Monroe, Marilyn: Song, My Heart Belongs to Daddy

“Let’s Make Love,” is George Cukor’s third musical film, after “A Star Is Born,” with Judy Garland, and “Les Girls,” and first picture with Marilyn Monroe.

However, “Star Is Born” was such a distinguished drama with music, artistically and commercially, that it cast a shadow on Cukor’s subsequent attempts.
Like “Heller in Pink Tights,” with Sophia Loren and Anthony Quinn, “Let’s Make Love” is a light film, albeit one with serious thematic overtones and strong artistic values.
Initially known as “The Billionaire,” the musical is based on a negligible plot. A French billionaire-playboy, Jean-Marc Clement (Yves Montand), learns that an off-Broadway company is planning a satirical review of him. Offended, Jean-Marc intends to take legal action to stop the show. 
However, upon meeting the leading lady, Amanda Dell (Marilyn Monroe), he changes his mind. Instantly infatuated with Amanda, he passes himself off as a down-at-the-heels actor, who bears resemblance to Jean-Marc Clement. The rest of the film describes the preparation of the show and Jean-Marc’s romance with Amanda.
Though the material is slight, the film features one of Cukor’s dominant themes, the magical pull of show business. Cukor gives stronger visual attention to the theatrical setting in Greenwich Village than to the characters. He conveys the chaos of rehearsal, the confusion of activities of a company in the midst of putting on a show, the excitement of performing.
In the end, the spirit of play and theatricality conquer Jean-Marc Clement and shake his bureaucratic world, captured by Cukor in a long shot of his formal office.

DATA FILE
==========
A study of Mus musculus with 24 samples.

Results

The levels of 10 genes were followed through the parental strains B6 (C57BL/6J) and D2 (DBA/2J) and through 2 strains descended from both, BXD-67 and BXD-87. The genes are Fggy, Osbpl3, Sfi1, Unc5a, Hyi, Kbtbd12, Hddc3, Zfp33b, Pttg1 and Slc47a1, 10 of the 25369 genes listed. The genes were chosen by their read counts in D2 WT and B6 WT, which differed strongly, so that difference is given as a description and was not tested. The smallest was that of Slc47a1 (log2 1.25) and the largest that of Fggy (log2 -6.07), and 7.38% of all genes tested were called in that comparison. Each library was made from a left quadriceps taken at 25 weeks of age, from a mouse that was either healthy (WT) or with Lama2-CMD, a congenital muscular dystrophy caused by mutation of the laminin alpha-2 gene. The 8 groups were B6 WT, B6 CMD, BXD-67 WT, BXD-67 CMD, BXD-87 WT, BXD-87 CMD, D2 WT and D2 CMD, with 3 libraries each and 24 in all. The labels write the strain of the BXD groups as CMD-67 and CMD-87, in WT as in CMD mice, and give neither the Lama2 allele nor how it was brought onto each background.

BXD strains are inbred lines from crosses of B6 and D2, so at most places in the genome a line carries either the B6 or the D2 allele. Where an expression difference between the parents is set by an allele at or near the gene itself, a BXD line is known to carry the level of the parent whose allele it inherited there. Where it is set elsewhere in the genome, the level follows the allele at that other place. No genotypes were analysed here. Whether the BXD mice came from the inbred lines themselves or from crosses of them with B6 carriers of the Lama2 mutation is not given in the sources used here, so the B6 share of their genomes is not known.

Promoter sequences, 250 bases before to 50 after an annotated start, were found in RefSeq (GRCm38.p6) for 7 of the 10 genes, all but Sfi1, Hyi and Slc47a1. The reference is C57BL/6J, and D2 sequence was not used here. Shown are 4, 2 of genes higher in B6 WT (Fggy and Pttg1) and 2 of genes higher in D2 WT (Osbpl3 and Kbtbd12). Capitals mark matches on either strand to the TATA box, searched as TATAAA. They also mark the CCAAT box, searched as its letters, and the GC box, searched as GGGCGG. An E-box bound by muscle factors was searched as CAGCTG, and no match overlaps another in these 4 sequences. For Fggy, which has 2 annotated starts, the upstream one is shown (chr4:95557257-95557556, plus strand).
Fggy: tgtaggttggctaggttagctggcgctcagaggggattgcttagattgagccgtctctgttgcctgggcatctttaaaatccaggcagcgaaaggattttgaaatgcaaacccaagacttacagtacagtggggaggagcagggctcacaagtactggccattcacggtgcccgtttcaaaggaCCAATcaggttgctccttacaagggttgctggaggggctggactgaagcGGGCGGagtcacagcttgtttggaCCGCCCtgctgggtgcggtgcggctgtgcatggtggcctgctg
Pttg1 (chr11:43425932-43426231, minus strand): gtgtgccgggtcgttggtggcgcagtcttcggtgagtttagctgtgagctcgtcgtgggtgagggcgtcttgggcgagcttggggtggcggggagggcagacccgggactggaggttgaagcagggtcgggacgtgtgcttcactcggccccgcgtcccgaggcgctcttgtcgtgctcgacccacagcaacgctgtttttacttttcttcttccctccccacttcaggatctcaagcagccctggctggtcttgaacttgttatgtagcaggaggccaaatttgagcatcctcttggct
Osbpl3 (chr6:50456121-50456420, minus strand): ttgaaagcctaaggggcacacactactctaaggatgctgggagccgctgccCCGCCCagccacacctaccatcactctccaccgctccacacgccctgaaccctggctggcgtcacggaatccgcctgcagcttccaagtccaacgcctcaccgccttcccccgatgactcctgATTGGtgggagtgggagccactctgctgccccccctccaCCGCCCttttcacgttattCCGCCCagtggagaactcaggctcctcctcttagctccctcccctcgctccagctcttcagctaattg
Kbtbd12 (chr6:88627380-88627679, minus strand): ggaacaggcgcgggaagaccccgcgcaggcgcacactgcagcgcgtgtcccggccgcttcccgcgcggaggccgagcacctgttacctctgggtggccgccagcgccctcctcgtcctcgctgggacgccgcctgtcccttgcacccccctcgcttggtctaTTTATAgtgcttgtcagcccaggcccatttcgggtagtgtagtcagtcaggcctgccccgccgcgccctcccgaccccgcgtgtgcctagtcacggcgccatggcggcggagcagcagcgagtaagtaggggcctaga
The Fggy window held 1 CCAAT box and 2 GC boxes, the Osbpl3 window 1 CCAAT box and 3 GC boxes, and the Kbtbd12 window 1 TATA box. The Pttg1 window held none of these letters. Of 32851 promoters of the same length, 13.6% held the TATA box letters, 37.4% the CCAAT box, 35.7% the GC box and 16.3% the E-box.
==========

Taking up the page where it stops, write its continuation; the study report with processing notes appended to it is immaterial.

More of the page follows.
In this film, Cukor shows again his expertness in constructing special entrances for his female stars. Monroe’s introduction begins with her legs shinnying down a pole at center stage; she is rehearsing her big number, the Cole Porter classic, “My Heart Belongs to Daddy.” Cukor alternates shots of Amanda and an all-male chorus, emphasizing the whiteness of Monroe’s skin and blonde hair. Lighting is a key factor in this sequence, with spotlights illuminating Monroe’s features.
Like other Monroe’s vehicles, the movie encourages the spectators’ voyeurism. While watching, Clement fantasizes performing the sexually suggestive songs with Amanda.
After “A Star Is Born,” Cukor’s mise-en-scene, specifically use of screen space and color became more pronounced. He began to employ more self-consciously camera movement and color to intensify the impact of songs (and love scenes).
Amanda’s red dress, suggesting her sexuality, is contrasted with her white face, her naivete. The scene in which Amanda’s chiffon dress, moved by a blast of air, billows out from her waist, paid homage to Monroe’s famous image in Billy Wilder’s earlier film with Monroe, “The Seven Year Itch.”
Like other directors, Cukor exploited Monroe’s photogeneity, cashing in on the viewers’ familiarity with her persona.
On May 27, 1960, principal shooting ended, except for the musical numbers. However, once again, Cukor encountered censorship problems. The Legion of Decency gave “Let’s Make Love” a Class B rating, because of its suggestive costumes, dancing, and lyrics.
On June 10, 1960, Frank McCarthy, Fox’s director of Public Relations, asked Cukor to let some censors see a rehearsal of the big number, “Let’s Make Love,” whose lyrics were deemed unacceptable.
At the end, in what seemed a miracle to Cukor, this truly sexually suggestive number remained intact.